On Friday 1st August 1980, a simple three-word message broadcast on 6000 Flying Doctor transceivers sent a ripple of sadness across inland Australia. ‘Traeger is dead.’ Alfred Hermann Traeger died as he had lived - with quiet dignity behind the scenes. He shunned praise, but he has as many memorials as Nobel Prize winner and inventor of wireless telegraph, Guglielmo Marconi.
He was a revolutionary, but just didn’t know it.
Painfully shy electrical mechanic Alf Traeger was working at his bench in an Adelaide workshop in June 1925, when a thin, bespectacled man burst in and asked, ‘Have you still got that generator?’ The surprised ham radio enthusiast sold his homebuilt machine to the preacher, who immediately strapped it to the side of his heavily-loaded Dodge Buckboard and set off on a rugged 2400km trek to Alice Springs. That startling moment launched of one of the most important partnerships in Australian history.
The reason for Rev John Flynn’s urgency that day, was his need to find the solution to the problem that was making his great dream futile. Until someone devised a radio that anyone in the bush could use, the world-first air ambulances that he and pioneer airman Hudson Fysh were building in the QANTAS hangar in Longreach Qld, would be grounded.
It was a deadlock that needed a genius to break.
Humble Alf Traeger was born for this hour. The stories he heard in Sunday School of the Lutheran missionaries at Hermannsburg in the NT had ignited a longing for fulfilling adventure in the son of an immigrant German family. So, late in 1926, he found himself alongside Flynn, battling sand crossings, sweltering heat and flies to bring trial radio equipment to set up a base at the Australian Inland Mission Nursing Home in Alice Springs. A few days of hard work and the mother station 8AB was tapping out Morse code messages to Adelaide.
A few frustrating weeks later and the successful radio linking the Aboriginal mission at Hermannsburg to 8AB Alice Springs made Alf Traeger’s boyhood dream, of being a fruitful follower of Jesus, real. Flynn’s vision of a wireless network connecting the people of the inland captured him body and soul and brought depth of meaning to his career. The founder of the Flying Doctor service would one day declare that this ‘wireless wizard’ was his greatest discovery.
Over the next few years the two men covered thousands of tough miles in the loneliest parts of Australia, spurred on by the desperate medical needs they saw everywhere the faithful Dodge Buckboard took them. The bush became the laboratory for developing their innovative technology. Flynn stirred city audiences with gripping reports of needless deaths. His pithy saying was ‘The aeroplane or the grave!’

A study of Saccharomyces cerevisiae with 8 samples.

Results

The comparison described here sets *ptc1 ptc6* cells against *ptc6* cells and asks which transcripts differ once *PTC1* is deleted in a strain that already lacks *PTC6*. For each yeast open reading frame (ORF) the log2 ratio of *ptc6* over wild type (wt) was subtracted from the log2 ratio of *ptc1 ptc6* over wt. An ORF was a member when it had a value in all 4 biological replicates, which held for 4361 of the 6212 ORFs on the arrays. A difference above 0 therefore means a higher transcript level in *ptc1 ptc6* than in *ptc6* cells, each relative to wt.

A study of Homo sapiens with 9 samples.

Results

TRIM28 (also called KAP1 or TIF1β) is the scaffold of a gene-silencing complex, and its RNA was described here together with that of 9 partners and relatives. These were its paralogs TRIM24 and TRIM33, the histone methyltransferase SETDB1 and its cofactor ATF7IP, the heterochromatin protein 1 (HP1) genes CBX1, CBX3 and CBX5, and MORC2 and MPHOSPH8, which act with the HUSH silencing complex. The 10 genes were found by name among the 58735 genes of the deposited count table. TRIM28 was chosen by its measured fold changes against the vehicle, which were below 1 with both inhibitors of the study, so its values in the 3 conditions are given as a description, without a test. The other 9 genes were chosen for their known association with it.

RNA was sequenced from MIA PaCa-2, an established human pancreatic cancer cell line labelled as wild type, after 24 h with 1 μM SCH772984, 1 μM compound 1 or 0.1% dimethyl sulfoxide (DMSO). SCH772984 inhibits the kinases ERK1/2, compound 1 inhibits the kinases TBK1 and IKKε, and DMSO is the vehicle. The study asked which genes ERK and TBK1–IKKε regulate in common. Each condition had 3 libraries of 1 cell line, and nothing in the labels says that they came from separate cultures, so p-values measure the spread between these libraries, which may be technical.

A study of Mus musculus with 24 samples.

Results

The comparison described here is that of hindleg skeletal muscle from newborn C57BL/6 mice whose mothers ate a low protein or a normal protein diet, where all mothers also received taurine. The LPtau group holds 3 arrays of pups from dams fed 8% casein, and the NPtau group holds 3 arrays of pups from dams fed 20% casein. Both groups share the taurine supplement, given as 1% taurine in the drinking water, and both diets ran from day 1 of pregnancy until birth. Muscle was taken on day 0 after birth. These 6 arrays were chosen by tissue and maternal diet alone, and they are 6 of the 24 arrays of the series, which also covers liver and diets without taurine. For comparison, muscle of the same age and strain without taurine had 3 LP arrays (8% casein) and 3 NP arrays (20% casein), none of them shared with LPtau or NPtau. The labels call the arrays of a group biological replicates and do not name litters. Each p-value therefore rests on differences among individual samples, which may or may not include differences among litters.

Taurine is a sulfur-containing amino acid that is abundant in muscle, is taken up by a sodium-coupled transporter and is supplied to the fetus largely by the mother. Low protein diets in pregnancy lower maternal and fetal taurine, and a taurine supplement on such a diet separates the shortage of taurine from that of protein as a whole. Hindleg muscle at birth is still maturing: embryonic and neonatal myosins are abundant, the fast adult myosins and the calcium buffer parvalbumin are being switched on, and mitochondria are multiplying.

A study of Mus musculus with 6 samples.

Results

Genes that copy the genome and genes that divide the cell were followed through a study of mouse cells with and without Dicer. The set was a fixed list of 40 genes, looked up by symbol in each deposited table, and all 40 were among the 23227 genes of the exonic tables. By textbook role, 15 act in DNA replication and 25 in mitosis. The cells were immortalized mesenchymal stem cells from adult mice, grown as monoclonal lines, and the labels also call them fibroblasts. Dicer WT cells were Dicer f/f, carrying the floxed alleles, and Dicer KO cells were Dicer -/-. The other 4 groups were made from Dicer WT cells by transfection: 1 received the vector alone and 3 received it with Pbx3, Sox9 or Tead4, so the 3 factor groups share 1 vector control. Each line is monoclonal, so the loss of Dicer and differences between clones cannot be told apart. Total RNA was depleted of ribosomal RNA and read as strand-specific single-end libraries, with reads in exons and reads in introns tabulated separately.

1928 was an exhilarating year for Australia’s booming aviation industry. Bert Hinkler completed a solo flight from London, Charles Kingsford Smith created history by flying the Pacific from America and in Cloncurry Qld, pilot Arthur Affleck and doctor Kenyon St Vincent Welch were called out on the first emergency medical flight of its kind in the world. And without fanfare, tucked away in his unpretentious Adelaide workshop, another young man had invented a marvel of simplicity and efficiency, the very first of its kind – a pedal-powered radio. In this way, Alf Traeger joined these pioneers with his ground-breaking device, linking aviation and medicine to the remotest parts of a continent.
He had broken the silence that lay over Australia’s heartland.
Australian author Ion Idriess described it as ‘the first accessible means of communication that came the way of the men and women of the Never Never.’ It brought news from home and overseas, weather forecasts, movements of stock, connection to neighbours and distant families. Each pedal wireless was a messenger of hope and healing to isolated bush people -indigenous and settlers. Nurses in isolated clinics could summon outside help. Padres in their vehicles could relay needs from beside bush tracks. Doctors would soon answer calls from mid-air. The well-travelled author sensed a larger mystery behind Alfred Traeger’s brilliant technological achievement. – ‘a great spiritual power.’
He was right. John Flynn and Alfred Traeger were men of faith who teamed their gifts to realise the impossible dream of placing ‘a Mantle of Safety’ over the vast open spaces of the Inland. The thread they used to weave it had come from Israel, two thousand years before - they were followers of the Great Healer from Galilee. The quiet achiever’s own words were simply, ‘I have always believed that God guided my life.’
November 11th 1928. John Flynn got Alf to put on his best suit for this historic photo he took when he presented the world’s first pedal radio to ‘the Boss.’ A deeply moved Flynn could only utter, ‘Thanks mobs.’
Australian Inland Mission padre Fred Mackay shows bush kids the invention that will one day bring them the School of the Air. It was one of Alf’s most satisfying achievements.
July 1928. A satisfied smile on the dial of the inventor as he successfully transmits a Morse code message from Cloncurry July 1928. Alf gave the bush a voice.
A proud bush family returning to their isolated station homestead with their own Traeger radio transmitter. Alf was the hero who connected them to the world.